Chicago quietly renews controversial migrant shelter staffing contract
Why it matters: The multimillion-dollar contract has drawn intense criticism over the Kansas-based staffing company's "exorbitant" rates and use of out-of-state labor.
Driving the news: Chicago approved a new $40 million contract with Favorite Healthcare Staffing through mid-October of next year, per city filings.
- The terms include reduced rates for certain positions, including housekeepers and nurses. Hourly rates went from about $60-$200 in March to roughly $40-$156 today, per an Axios analysis.
Catch up fast: In September 2022, as the city rushed to open the first migrant shelters, Mayor Lori Lightfoot signed an emergency contract with Favorite Healthcare, which the city has since paid more than $57 million.
- In a budget address this month, Johnson called it one of many "expensive emergency contracts" he inherited from Lightfoot.
- Some alders, including Ald. Brendan Reilly, have called for the contract to be canceled.
Zoom in: Reilly told Axios on Wednesday he was caught off guard by the new contract.
- "[The mayor] didn't consult me. If he had, I would have advised him against it," Reilly said.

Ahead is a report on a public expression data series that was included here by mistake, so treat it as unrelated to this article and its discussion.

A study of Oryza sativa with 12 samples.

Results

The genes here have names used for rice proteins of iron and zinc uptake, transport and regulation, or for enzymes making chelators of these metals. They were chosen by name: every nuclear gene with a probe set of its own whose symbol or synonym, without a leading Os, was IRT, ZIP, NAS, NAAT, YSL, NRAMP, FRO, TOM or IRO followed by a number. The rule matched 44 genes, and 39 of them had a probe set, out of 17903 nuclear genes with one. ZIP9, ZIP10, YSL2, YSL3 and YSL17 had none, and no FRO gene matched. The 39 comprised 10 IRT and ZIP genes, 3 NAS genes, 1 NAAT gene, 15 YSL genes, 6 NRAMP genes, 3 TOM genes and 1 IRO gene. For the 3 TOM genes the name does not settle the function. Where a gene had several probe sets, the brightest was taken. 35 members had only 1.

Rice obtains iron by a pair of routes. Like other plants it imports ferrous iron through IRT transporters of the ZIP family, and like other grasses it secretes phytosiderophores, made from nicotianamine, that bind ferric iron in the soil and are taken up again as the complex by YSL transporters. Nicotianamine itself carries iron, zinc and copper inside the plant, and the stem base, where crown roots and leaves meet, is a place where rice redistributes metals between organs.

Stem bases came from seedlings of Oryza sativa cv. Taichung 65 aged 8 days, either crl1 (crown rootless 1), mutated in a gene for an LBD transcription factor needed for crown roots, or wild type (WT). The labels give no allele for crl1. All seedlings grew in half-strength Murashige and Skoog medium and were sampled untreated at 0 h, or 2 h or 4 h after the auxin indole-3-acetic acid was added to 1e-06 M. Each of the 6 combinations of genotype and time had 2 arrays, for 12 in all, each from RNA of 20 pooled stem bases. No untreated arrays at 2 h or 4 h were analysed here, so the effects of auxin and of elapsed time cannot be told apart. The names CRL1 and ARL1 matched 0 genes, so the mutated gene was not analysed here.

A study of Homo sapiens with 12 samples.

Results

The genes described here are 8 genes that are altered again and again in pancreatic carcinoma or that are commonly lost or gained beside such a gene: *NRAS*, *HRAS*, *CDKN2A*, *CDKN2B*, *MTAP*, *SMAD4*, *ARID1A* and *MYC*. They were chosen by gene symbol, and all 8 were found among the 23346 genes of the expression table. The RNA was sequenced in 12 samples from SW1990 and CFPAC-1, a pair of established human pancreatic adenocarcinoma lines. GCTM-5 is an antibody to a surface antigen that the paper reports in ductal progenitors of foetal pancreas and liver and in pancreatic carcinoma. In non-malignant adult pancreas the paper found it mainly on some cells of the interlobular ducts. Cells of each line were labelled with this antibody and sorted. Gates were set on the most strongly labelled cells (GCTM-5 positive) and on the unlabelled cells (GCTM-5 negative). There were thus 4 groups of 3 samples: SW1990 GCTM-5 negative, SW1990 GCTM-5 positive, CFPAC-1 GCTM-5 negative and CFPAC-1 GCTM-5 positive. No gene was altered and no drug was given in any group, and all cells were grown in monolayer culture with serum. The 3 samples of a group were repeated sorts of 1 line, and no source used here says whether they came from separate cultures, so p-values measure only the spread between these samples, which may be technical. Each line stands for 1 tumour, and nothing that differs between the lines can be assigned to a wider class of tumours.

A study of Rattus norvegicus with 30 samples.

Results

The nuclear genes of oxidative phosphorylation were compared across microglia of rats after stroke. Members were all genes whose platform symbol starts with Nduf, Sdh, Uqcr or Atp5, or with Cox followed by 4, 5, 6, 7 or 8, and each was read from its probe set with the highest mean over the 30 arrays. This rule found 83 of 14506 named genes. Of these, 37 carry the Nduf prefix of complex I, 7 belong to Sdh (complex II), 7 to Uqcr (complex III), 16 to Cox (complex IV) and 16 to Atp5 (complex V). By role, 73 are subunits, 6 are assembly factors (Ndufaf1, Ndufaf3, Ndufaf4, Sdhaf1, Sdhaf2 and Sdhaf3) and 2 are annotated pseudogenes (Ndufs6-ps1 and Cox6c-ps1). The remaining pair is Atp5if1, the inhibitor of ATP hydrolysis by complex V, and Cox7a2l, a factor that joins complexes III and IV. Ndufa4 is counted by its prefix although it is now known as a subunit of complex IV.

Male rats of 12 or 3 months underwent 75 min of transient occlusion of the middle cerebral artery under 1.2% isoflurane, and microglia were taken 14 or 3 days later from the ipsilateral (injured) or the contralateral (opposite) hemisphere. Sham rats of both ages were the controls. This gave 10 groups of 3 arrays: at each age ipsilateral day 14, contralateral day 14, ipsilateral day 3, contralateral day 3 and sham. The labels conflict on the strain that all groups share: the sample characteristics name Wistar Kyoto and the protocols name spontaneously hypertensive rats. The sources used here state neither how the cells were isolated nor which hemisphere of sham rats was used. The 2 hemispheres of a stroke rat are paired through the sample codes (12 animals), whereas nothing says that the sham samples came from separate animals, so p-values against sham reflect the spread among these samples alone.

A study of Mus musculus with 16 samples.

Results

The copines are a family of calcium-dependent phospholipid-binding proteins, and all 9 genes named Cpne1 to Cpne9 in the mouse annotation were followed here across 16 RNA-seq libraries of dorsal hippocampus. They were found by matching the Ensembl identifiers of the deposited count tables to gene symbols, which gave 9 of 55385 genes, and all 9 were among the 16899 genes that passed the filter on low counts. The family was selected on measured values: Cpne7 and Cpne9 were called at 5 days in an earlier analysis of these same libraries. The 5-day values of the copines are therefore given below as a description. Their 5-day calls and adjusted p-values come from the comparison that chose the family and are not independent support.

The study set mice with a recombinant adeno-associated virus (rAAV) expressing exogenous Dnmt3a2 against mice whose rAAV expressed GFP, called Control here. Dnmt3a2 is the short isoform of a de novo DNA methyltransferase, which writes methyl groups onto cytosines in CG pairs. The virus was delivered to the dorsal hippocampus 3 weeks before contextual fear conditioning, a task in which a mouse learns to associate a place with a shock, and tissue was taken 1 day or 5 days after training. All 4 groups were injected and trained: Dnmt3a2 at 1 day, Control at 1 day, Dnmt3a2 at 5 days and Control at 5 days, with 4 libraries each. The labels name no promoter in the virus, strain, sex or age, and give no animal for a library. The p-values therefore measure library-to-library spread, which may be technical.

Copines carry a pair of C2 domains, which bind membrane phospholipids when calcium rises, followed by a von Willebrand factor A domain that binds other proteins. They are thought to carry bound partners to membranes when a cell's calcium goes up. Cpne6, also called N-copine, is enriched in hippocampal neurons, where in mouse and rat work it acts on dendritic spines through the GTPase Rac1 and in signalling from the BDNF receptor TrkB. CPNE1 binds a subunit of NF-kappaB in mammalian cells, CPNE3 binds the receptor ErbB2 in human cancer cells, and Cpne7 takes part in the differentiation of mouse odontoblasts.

By the numbers: Documents Axios obtained through an open record request show that in March alone the city paid Favorite $14 million in staffing fees.
- For one week of staffing at the Woodlawn shelter that month, Favorite charged $427,991 — an average of $117 per hour per employee, most who worked some overtime. Payment for one nurse to work a single 12-hour shift at the shelter was $2,700.
- The wages also covered hotel costs for Favorite's mostly out-of-town staff.
What they're saying: Not much. The mayor's office has not responded to multiple Axios requests for comment on the contract sent since Sept. 30.
- The Johnson administration told NBC-5 that, as of mid-September, Favorite hired 265 of its 750 staffers from the local workforce and that it will "focus on hiring local candidates almost exclusively" going forward.
The other side: Favorite spokesperson Joanna Klonsky, a former Lightfoot consultant, declined to answer Axios' questions.
- "Favorite has proactively worked with the city to reduce rates through a commitment to hire additional local candidates," the company's senior vice president Keenan Driver said in a statement earlier this week.
- "Favorite has also proposed to the city further cost savings by increasing headcount and reducing overtime, given the length of the mission."
Context: Johnson has budgeted just $150 million in his 2024 budget for migrant aid, a number his administration acknowledges will not come close to covering costs.
- As of Wednesday, more than 19,000 migrants had arrived in Chicago and more than 3,000 were sleeping in police stations and at the airport.